Thursday, April 30, 2009

A second pair of hands

Pony Girl got me thinking tonight - she often does - in her post regarding reinforcing good behavior versus bad. I had to laugh... not at her post, because what she says is very true: every action we take has an effect, and at some point, good or bad, that effect usually becomes apparent.

Every herd has a pecking order. You may have gathered by this point that in the herd of 8 horses at the farm, Sunny is the boss/bully of the group - basically, he gets whatever spot at the hay feeder he wants, and he enforces his position with teeth and threatening heels when he feels he's being encroached upon.

But on the flip side, he's also the horse
that's most respectful of my space.
The one that I can move over
with a gesture if need be.

Because of the way the lot and the gates are configured, the horses that come up to the top lot to be grained must pass through a 10' wide bottleneck/dogleg right closed off by a gate that spans the width of the alley. The main hayfeeder forms the inside of the L's curve, with a right-angle corner of the fence on the other side.

This wouldn't pose a problem, except that I don't want ALL the horses up, just the 4 that get the most grain - they get tied to eat until they've finished, with the bottom four basically getting a skiff of grain and a headstart on the evening's hay. (They think they get more grain than they do, air-ferns that they are!)

Two of the ones that get more grain are definitely on the bottom end of the herd pecking order. The horses all know who gets fed where, and the four that get fed down below don't rush or crowd the gate, but they will block the opening into the L, keeping the ones I DO want from coming through. To get to the gate those two have to run a gauntlet of more dominant horses snaking necks, baring teeth and telling them in no uncertain terms, "Go the other way, stupid, or I will bite you!"

Now, if there was anywhere down there to tie up the horses I don't want, I'd do that. But the big solid railroad tie posts are all above the gate - electric fence doesn't make a very good securing point! And it would mean monkeying with many more halters than I really wanted to deal with in -10' last January.

I usually don't have help when I feed...
except Sunny.

None of the mares will even try to move him. But he does respect me, and he knows what the clicker and "Stand" means. So now we do this: the first two horses (higher in the herd and therefore safe from being picked on) go in.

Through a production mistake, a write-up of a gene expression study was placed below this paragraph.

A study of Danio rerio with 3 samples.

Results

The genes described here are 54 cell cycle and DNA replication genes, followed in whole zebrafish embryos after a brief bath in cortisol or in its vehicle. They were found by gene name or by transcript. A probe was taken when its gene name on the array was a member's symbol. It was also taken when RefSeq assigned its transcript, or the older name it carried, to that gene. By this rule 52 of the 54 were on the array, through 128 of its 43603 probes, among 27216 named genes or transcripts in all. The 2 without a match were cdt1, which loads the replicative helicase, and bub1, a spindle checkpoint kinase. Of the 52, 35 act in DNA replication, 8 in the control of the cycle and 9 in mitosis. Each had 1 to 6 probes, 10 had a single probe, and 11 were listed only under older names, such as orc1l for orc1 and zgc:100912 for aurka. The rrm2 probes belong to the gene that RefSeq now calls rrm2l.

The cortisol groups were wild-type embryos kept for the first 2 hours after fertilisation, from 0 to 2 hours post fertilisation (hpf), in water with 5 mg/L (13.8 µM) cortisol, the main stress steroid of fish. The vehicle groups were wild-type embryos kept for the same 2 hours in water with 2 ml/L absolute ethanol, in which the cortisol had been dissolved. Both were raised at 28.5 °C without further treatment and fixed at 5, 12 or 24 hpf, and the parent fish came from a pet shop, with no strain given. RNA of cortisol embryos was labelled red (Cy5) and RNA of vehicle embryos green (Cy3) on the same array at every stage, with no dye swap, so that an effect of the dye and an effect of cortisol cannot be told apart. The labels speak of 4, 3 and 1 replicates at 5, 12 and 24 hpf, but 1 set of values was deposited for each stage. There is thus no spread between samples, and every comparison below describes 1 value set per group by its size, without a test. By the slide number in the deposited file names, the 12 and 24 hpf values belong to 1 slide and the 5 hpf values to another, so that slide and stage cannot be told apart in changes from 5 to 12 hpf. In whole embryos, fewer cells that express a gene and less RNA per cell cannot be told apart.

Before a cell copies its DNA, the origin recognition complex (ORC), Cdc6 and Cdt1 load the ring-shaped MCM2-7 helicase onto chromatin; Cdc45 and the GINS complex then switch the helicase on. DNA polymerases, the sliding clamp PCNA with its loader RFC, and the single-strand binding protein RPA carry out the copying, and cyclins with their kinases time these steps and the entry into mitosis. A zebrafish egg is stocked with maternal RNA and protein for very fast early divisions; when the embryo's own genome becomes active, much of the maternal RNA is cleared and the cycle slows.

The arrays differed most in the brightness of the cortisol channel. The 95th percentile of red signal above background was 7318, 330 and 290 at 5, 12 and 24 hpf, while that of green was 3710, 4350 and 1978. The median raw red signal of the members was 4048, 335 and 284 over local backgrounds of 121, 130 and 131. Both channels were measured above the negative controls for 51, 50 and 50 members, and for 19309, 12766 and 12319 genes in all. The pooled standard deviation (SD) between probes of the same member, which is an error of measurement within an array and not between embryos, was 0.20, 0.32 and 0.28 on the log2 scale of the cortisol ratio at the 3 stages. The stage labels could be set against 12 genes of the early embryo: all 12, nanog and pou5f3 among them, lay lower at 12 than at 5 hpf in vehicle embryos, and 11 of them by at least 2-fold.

If the dogleg is clear, the other two are able to come through on their own when I call. If not, by that point Sunny has positioned himself by the closed gate, effectively protecting the space in front of it from any of the others. I can go down and escort one or both mares to the gate past the other mares - they all know better than to make a run at another horse with a person attached(!) - and when I get up to the gate, I just motion Sunny to move over.

He moves out of the way of the gate, I open it, and as each mare passes he gets clicked & treated for being a polite roadblock.

Any laying back of ears
or making faces
at the mares when they're with me
= no click and no treat.

He caught on fast that manners
are a good thing.


After all four are through and tied, the other four get their grain.

I didn't intend to teach him to guard the gate. Initially, I just wanted him to stay put somewhere so that he wasn't following me around, running all the mares in circles while I was trying to sort out the ones I wanted. But at this point, he's effectively my second pair of hands. Now if only I could figure out how to get him to open the gate for me....
On second thought, that would probably be a VERY BAD idea! LOL!

2 comments:

BrownEyed Cowgirls said...

My mom insists on graining in the same rotation every time. It's amazing how quickly the horses pick that up and will essentially stand in line waiting their turn to come in and get their bite of grain. It's also kinda funny to watch.

Good for Sunny that he has figured out a positive way to get himself a little extra treat. Smart horse.;)

Denise- LessIsMore17 said...

WOW that is so cool that you clicker trained Sunny to guard the gate as you safe- very clever! Less gets a treat minus the clicker, lol. He is just like Sunny it sounds like, highest in the pecking order with the most respectful to humans of all the horses and I don't think it's just a he's my horse thing. I demand respect from all horses, but with him it's so easy.